Curbing a Mustang Baby Boom

Fertility-control options for mares could help cut down on mustang overpopulation.
The Bureau of Land Management is searching for options to manage the population of wild horses, which has more than doubled since 1971. | © Arnd Bronkhorst

How can America’s wild horses be kept from overpopulating western rangelands? Activists, ranchers and politicians have been batting that question around for years. So have officials at the Bureau of Land Management, which oversees the free-roaming herds on public lands. Now the BLM is launching a research push to find better tools for managing the animals, including new fertility-control options.

Numbers show the need: Since the Wild Free-Roaming Horses and Burros Act became law in 1971, the equine population on public lands has more than doubled, topping 58,000, the BLM says. Overpopulation leads to overgrazing and that leads to deterioration of the range and of the animals’ health. Prolonged drought is adding to the stress. 

Fertility control would seem to be the answer—if a practical method can be found. The BLM has given thousands of wild mares contraceptive vaccines, derived from porcine zona pellucida, which promote an immune response that prevents fertilization. But the effects last just one to two years, so mares have to be repeatedly captured and treated. The program continues, but so far it hasn’t really dented population growth. Now the bureau is partnering with university researchers in the hunt for better methods. Several studies will evaluate surgical sterilization methods for use on the range and others will explore longer-lasting or even permanent contraceptive vaccines.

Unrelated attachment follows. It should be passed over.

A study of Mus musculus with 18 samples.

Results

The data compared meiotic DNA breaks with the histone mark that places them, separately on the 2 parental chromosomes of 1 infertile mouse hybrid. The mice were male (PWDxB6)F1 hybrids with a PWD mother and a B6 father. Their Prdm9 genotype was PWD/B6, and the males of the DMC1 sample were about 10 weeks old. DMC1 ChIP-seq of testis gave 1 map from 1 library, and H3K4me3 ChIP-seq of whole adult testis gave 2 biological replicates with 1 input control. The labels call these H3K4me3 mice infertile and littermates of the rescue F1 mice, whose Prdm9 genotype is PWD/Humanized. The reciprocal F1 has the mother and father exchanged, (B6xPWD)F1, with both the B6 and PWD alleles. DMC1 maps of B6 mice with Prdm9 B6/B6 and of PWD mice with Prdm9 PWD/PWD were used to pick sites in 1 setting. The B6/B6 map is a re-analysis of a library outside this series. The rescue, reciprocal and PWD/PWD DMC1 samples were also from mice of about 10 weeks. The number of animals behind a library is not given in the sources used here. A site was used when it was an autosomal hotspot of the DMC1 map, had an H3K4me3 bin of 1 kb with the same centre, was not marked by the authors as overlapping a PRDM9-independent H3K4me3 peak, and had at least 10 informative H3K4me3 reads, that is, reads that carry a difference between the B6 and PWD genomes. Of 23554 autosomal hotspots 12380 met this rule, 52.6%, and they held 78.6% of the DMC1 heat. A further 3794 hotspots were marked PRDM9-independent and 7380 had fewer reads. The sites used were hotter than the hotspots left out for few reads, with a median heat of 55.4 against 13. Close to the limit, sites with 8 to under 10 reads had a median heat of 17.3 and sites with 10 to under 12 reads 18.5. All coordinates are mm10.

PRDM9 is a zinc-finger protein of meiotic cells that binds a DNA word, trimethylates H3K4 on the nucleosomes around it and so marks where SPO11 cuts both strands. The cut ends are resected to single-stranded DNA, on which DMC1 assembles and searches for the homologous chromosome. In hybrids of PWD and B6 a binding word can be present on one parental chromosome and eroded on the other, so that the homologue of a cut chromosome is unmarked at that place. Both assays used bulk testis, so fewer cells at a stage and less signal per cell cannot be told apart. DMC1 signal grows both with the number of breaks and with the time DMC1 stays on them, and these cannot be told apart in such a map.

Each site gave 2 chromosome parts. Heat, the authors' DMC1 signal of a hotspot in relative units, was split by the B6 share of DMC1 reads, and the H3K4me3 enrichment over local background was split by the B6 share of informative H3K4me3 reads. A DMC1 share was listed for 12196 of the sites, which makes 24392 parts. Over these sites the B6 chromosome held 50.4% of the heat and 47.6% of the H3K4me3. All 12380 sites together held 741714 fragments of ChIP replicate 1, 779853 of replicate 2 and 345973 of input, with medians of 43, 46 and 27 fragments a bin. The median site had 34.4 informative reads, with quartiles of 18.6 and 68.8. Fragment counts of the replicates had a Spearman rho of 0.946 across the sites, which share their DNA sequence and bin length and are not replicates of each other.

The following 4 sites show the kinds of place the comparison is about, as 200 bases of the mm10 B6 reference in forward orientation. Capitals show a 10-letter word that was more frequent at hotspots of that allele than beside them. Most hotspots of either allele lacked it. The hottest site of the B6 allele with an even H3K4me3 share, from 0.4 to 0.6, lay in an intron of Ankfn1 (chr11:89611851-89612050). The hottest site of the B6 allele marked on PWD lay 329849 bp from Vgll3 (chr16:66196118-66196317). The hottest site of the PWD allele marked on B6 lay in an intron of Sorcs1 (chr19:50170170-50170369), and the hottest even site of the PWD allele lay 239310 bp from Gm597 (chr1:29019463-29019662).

With few natural predators or other controls, wild-horse herds can double in size about every four years, the BLM says. To take pressure off the range, some 47,000 horses and burros that have been removed from public lands are being cared for by the BLM in off-range pastures and corrals. Adoptions of these animals have dropped from nearly 8,000 to about 2,500 a year.

Elaine Pascoe

This article originally appeared in the October 2015 issue of Practical Horseman.